When Harreson Tanner was a youngster in Ottawa reading Jack London tales of the unforgiving North, he never dreamed the San Francisco-born author would one day be a passenger in his motorhome.

But that’s what happened recently when Tanner drove to Kelowna with London strapped safely into the seat beside him.

Not the real Jack London, of course. That Jack London has been dead for nearly a century.

Tanner’s travelling companion was a life-sized ceramic bust he was taking to a south-Okanagan foundry to be cast in bronze.

“I got an email out of the blue from Rolf and Margaret Hougen saying they were interested in commissioning a bust of Jack London,” Tanner recounts. “I had done busts previously, and it took me at least three or four seconds to say yes.”

When the finished bust is unveiled this week, it will join the ranks of poet Robert Service, policeman Sam Steele and beloved Tagish storyteller Angela Sidney as a permanent part of the Whitehorse landscape.

All four commemorative sculptures are gifts to the city and to Yukon history from the retired Whitehorse businessman and his wife, both avid and generous supporters of Yukon art and artists.

Capturing a subject he had never seen in person would clearly be a challenge, but Tanner did have some knowledge of London beforehand.

“As a kid, I had read White Fang and Call of the Wild, as every kid probably did,” he says. “Certainly having been exposed to the centre up in Dawson, I knew a little bit about him.”

But preparing properly for the assignment meant immersing himself both in his subject’s writing and in his legendary but brief lifespan.

London died at his southern California ranch in 1916, probably of kidney failure, but possibly by his own hand.

“I spent about three months trying to get inside his head, trying to understand the kind of character he was,” Tanner says.

“I mean, you can go by his pictures, you can go by his writings, his essays, his short stories. And the things he accomplished in his life … he lived two or three lifetimes in his 40 years.”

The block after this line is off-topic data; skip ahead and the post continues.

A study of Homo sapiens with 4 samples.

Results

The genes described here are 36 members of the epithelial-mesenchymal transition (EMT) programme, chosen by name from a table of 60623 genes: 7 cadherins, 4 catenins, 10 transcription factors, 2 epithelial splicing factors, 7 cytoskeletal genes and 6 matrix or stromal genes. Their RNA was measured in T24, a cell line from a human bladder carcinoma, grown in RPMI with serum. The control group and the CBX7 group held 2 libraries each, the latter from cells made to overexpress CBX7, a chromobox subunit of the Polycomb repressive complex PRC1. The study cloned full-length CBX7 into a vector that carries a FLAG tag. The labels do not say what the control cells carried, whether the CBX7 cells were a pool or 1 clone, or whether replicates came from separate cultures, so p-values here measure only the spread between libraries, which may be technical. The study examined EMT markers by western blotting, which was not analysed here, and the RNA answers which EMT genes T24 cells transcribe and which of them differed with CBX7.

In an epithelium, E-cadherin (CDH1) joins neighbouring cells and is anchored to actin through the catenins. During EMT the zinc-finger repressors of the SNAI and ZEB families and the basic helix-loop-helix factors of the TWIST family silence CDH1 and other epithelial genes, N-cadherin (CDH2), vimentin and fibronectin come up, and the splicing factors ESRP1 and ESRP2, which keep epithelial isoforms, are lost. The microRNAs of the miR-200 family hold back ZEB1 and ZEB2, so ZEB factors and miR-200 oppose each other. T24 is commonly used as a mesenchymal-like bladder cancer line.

The artist also looked to other sculptural installations for inspiration during a 30,000-km road trip throughout Canada and the northern U.S.

“I came back here after three months of living with Jack and started working on it and it just flowed,” he says. “It was like building up this wild tension, and all of a sudden it just started to go.”

At the time, Tanner had a studio in the McCrae industrial area, but that’s not where he chose to work.

“Because it was so important to me, I did it on the dining-room table, much to the chagrin of my wife,” he says. “I just felt it was a really comfortable space for me.”

In an hour-long conversation at that same table, Tanner never once refers to the bust as an inanimate object. It’s always “he,” “Jack,” “this fellow.” At one point it’s “Jocko, the old storyteller.”

Maybe without even noticing, he occasionally drapes an affectionate arm around the clay shoulder of his creation.

It’s obvious why the penetrating eyes, the rugged planes and angles of London’s face would appeal to the sculptor’s eye.

“He had such a great forehead, and a great jaw,” he says, running his hand gently across each of the features in turn. “He looked like John Kennedy, or Robert Kennedy.”

A touch of Ernest Hemingway, perhaps?

“Hemingway learned quite a lot from this guy,” Tanner acknowledges. “I thought it was quite neat that a lot of the really good writers afterwards started to emulate him, living as large as his stories were.”

For someone who has adopted the Yukon as his home, as Tanner did eight years ago, the legacy of London’s writing about the territory is even more appealing than his facial features.

“He describes what attracts, I think, most people into coming and staying here … the absolute majesty and the breadth of this land,” Tanner says.

One of London’s short stories, “To Build a Fire,” has particular resonance for Tanner.

“I read the story and it was absolutely frightening, it was just frightening,” he says.

“The story ends with this guy freezing to death, and just the way he described it and how unforgiving it was, it says the same thing for me that I feel about the Dempster Highway.

“I’ve shed many tears on the Dempster Highway because of the absolute, stark, amazing beauty of it. You can’t describe it, you run out of adjectives.”

Fittingly, Tanner’s only previous public installation, bronze likenesses of the late Joe and Annie Henry, now resides at the Tombstone Interpretive Centre on that very highway.

The life story of the much-loved Tr’ondëk Hwëch’in elders, who held the Guinness Book designation as the world’s longest-married couple, is inextricably linked with the Tombstone-Blackstone area.

As for his latest project, set to be unveiled at 5:00 p.m. on November 5 at the corner of Main Street and Fourth Avenue, Tanner admits the opportunity exceeded even the wildest dreams of his 66 years.

“It’s a huge honour, not only because it’s the Hougens that are doing it and they asked me, but because of the permanence of the material,” he says.

“My kids and my grandkids and great grandkids will be able to look at it and say, ‘Grandpa did that’.”